Filmmaker Spike Lee puts his focus on faith

WASHINGTON—Spike Lee is not about to give up filmmaking but—at least for a moment or two—he sounded a bit like an expert on the challenges facing the church as he promoted his new movie, Red Hook Summer.

“Any church whose members are senior citizens and there’s no youth coming behind, they’re going to die out,” Mr. Lee said in a roundtable discussion with reporters.

“Now that goes for synagogues, mosques, temples too—any institution,” Mr. Lee continued. “You got to always try to have that infusion of youth. They might not be as smart but youth has energy.”

A 13-year-old boy from Atlanta (Jules Brown) spends a summer in New York with his preacher grandfather (Clarke Peters) in Spike Lee’s Red Hook Summer. PHOTO COURTESY VARIANCE FILMS

Red Hook Summer opened Aug. 24 in cities such as Washington, Chicago, Atlanta and Los Angeles. The movie’s main character echoes Mr. Lee’s call to get young people to church, but he also has a particular drive to evangelize his grandson, who has traveled from suburban Atlanta to spend the summer in the struggling Red Hook neighborhood of Brooklyn, N.Y.

“The good Bishop Enoch Rouse is trying to rally his flock, his congregation, in this cruel and harsh world,” said Mr. Lee of the character played by actor Clarke Peters. “He’s finally getting a chance to meet his grandson. They never set eyes on each other before and he’s desperately trying to get him to accept God.”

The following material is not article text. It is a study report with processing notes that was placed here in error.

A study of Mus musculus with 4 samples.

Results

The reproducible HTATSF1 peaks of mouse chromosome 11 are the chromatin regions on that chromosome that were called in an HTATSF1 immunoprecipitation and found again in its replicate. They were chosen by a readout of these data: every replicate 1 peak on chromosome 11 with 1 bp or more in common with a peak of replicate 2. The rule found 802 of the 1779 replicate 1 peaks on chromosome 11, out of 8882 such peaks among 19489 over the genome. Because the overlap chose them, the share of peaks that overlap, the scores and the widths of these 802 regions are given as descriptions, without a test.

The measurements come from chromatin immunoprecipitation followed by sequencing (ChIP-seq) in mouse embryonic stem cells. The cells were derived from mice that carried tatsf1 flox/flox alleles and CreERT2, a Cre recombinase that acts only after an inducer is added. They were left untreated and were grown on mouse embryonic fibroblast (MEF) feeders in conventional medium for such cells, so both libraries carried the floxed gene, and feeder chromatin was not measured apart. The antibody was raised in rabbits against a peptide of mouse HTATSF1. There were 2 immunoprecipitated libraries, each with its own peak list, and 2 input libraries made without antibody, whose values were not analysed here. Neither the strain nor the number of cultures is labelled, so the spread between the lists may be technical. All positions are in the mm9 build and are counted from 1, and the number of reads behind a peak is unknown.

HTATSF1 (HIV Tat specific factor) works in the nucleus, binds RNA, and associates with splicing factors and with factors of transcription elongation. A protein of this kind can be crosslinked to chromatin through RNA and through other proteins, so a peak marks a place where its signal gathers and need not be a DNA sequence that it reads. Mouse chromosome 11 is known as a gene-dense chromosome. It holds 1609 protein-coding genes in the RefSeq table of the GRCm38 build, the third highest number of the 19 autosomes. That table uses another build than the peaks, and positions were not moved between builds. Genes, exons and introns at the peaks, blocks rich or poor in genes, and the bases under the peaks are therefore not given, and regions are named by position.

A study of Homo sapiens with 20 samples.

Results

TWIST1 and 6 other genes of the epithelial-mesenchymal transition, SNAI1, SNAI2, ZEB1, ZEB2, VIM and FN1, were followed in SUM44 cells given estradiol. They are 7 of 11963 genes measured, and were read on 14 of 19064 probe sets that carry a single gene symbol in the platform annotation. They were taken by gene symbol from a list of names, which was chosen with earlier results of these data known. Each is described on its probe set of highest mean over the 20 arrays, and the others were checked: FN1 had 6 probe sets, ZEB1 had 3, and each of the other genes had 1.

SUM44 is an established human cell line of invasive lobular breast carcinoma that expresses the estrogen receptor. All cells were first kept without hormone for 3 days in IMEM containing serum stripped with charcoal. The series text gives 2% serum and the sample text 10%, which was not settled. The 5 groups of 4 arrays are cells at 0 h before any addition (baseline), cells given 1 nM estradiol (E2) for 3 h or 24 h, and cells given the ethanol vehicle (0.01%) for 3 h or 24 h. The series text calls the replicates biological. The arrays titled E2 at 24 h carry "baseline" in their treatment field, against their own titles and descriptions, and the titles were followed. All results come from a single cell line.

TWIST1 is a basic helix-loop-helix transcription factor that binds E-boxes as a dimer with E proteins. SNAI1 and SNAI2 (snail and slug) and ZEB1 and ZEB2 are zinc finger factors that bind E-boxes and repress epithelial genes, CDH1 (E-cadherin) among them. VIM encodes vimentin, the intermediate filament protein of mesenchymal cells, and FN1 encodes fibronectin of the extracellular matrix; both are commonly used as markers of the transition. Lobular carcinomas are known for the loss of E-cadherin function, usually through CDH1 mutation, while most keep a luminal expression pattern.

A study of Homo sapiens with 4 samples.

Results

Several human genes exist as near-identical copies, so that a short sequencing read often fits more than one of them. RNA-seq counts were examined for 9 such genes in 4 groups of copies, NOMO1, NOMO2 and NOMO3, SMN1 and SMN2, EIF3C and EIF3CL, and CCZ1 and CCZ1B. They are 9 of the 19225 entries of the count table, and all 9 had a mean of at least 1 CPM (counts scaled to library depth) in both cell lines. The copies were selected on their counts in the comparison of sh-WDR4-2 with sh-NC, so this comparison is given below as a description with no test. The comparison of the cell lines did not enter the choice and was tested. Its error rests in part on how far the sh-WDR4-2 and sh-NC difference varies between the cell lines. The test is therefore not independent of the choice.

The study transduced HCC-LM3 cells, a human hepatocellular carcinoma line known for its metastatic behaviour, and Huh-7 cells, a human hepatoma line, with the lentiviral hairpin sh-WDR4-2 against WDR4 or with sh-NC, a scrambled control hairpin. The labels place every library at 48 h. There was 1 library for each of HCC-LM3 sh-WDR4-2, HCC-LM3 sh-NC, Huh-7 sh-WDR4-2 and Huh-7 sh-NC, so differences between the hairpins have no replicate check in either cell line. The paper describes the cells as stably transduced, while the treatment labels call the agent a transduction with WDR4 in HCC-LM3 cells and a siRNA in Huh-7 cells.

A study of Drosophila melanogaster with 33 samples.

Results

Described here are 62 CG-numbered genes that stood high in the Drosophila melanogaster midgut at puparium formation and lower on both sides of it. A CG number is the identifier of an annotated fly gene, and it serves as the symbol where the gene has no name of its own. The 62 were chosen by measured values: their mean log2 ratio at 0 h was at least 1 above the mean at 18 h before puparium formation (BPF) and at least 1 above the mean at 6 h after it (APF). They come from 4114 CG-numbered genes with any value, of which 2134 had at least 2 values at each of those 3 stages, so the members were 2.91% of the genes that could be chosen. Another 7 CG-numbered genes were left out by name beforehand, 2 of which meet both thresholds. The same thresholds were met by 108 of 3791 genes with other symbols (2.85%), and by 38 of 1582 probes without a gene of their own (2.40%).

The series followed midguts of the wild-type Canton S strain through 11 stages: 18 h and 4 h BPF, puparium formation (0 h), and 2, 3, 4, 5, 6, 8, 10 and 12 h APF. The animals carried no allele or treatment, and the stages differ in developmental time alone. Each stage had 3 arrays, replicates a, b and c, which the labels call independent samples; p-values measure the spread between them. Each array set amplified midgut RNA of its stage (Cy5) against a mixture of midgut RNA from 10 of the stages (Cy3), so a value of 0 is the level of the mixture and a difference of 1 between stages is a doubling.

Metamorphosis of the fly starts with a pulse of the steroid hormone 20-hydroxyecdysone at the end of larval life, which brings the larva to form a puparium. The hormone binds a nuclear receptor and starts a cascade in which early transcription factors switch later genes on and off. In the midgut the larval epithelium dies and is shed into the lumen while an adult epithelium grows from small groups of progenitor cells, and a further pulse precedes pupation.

But Flik Royale, the iPad-toting grandson, goes to the Little Piece of Heaven Baptist Church “kicking and screaming,” said Mr. Lee.

“You embarrass me,” Royale, played by Jules Brown, tells Rouse, a character who eventually is revealed to have a secret past.

“You need Jesus in your life, son,” his grandfather responds.

For his part, Mr. Lee wasn’t raised a churchgoer but he says he’s not totally unfamiliar with the black church, having visited congregations such as New York’s Abyssinian Baptist Church.

“We’re very respectful of the church,” said Mr. Lee, who shared screenwriting credits with author James McBride. Mr. McBride’s mother co-founded the Brooklyn church where the movie was filmed.

He and Mr. McBride capture the vibrant worship—rollicking organ, tambourine playing and clapping congregation—at the services of the small Baptist church. And they also reflect the practice in some black churches of adorning the walls with images of a white Jesus.

Is Mr. Lee for or against that depiction?

“Can I go scriptural on you?” asked Mr. Lee. “Jesus wept.”

Mr. Lee and his siblings competed to recite the short Bible verse when asked for one during childhood visits to their Southern grandparents.

“Me and my brothers would fight for that one,” he said. “Jesus wept—two words. Can’t go wrong with that, right?”

There are aspects of some real-life churches that clearly disturb Mr. Lee, especially prosperity gospel ministers in “25,000-seat arenas” passing around “garbage cans” instead of offering plates.

“The politics of give me your money and I’ll put it in my pocket,” he said. “I’m going to be honest: I’m not a fan of this prosperity. Not having it.”

But he quickly adds: “I’m not saying I don’t love Jesus.”